Sen. Ron Johnson Says Christine Blasey Ford Might Have "False Memories" Of An Assault
Now that the Senate Judiciary Committee has advanced Judge Brett Kavanaugh to the full Senate, more legislators are being asked for their opinion on the allegations made against the president's SOCUTS nominee — all of which Kavanaugh denies. One Republican senator from Wisconsin was asked just that over the weekend, and came back with his own version of what happened. Sen. Ron Johnson said Dr. Christine Blasey Ford could have "false memories" of the alleged assault, but science doesn't support his theory.
Bustle has reached out to the White House for additional comment from Kavanaugh and to Ford through her attorneys.
Outside Mitchell International Airport in Milwaukee on Friday, reporters asked Johnson why he thought Ford testified. "Read about false memories. Read about people who have actually confessed to crimes and then later proven totally innocent, OK?" he responded.
Asked again about whether he thought she had false memories, the Republican senator from Wisconsin said, "There are a number of explanations for it. That would be one of them. Again, regardless of exactly — nobody knows what happened 36 years ago."
As noted by Ford herself in her Senate Judiciary Committee testimony, victims of sexual assault are actually more likely to remember the trauma that they experience thanks to the chemical makeup of the brain and how it responds to such situations. Dr. Richard Friedman, a psychiatrist, wrote a New York Times op-ed explaining how norepinephrine, a chemical present when someone feels intense emotions, helps code events like sexual assault into the brain.
Phillip Zoladz, an associate professor of psychology at Ohio Northern University, who specializes in emotional memory creation, also wrote extensively on the topic for NBC News. "When we encounter a stressful situation, chemicals such as cortisol and norepinephrine are released to focus our attention on the stress-related information and store it in a very powerful way," Zoladz wrote. "The brain is basically saying, 'This is important; remember it because it could later save your life.'"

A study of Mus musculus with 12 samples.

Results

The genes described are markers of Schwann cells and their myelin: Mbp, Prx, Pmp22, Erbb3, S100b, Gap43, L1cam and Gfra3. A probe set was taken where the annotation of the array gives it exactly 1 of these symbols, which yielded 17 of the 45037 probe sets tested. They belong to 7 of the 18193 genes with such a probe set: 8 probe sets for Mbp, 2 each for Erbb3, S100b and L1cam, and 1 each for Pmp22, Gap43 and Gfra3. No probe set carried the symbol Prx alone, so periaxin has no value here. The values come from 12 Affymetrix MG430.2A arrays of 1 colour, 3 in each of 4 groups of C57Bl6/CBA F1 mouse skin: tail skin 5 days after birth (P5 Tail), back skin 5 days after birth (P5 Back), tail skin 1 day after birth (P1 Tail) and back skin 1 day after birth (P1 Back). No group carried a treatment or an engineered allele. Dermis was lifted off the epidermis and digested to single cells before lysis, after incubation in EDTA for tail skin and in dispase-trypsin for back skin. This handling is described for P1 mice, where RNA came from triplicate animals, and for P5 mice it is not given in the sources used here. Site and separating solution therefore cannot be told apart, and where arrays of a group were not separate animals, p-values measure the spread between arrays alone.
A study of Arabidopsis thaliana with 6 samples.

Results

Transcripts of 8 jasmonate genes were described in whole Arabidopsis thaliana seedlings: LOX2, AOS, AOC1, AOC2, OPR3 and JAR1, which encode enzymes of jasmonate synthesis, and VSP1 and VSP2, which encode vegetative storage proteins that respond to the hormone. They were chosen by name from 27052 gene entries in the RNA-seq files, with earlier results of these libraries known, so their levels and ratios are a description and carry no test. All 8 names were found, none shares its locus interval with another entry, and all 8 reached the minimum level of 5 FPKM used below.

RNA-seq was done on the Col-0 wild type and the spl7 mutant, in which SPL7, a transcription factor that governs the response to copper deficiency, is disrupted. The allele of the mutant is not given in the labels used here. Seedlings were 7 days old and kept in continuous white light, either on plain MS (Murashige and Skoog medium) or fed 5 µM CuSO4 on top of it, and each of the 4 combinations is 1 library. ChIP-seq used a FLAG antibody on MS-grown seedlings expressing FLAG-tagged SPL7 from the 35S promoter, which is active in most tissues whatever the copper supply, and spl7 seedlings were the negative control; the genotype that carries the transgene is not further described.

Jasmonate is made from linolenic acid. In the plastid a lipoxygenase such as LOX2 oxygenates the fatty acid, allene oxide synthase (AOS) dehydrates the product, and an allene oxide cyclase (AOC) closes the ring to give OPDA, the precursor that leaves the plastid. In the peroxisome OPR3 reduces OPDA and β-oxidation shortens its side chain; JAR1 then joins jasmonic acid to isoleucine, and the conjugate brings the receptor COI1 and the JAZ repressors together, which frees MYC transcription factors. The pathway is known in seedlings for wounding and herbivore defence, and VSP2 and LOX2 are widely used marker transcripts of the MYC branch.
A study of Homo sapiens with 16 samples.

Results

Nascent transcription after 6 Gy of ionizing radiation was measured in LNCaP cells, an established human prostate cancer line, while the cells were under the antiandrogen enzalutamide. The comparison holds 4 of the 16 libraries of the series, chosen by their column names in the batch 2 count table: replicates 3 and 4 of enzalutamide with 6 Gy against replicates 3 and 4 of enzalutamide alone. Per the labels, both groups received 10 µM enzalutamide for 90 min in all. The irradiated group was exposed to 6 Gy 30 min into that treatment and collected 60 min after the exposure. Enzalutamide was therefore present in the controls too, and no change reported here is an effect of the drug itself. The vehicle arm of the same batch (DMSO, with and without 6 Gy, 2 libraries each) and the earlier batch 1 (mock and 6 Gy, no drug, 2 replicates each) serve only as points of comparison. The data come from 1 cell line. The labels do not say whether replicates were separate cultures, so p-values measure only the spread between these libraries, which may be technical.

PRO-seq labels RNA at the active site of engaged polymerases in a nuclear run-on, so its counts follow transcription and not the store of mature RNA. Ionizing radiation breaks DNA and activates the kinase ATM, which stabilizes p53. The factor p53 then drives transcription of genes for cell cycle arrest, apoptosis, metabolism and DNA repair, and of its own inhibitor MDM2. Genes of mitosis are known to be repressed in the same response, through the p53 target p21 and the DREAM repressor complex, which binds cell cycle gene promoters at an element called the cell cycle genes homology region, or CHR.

The film of Johnson was captured by a Milwaukee filmmaker Joel Van Haren. He asked Johnson several times why he will vote for Kavanaugh.
"I met the man. He’s a good, decent person," Johnson told Van Haren. "Democrats destroyed his life, you know? An incredibly unjust process. A bedrock principle of our system of justice is a presumption of innocence."
He also mentioned the other people who Ford said were at the party but who don't remember the incident. "What are you supposed to do? Presume he’s guilty?" Johnson asked. "My job is to evaluate this nominee ... My evaluation is I’m going to vote to confirm. It’s that simple."
On Thursday, about 30 women protested outside the federal courthouse in downtown Milwaukee and delivered a letter to Johnson asking him to vote no on Kavanaugh's confirmation. The protest was a local action of the Women's March.
Janet Slater, a spokesperson for the event told the Milwaukee Journal Sentinel what the letter contains. "The letter asks the senator to call for a halt to the proceedings, ask for an FBI investigation into the accusations and, based on the testimony we've heard so far, to reconsider whether Brett Kavanaugh is qualified to be a Supreme Court justice," Slater told the paper.
"Will you recall John McCain’s words and actions, and put country ahead of party?" the letter continues. "We’ll be watching."
Their answer came sooner than expected.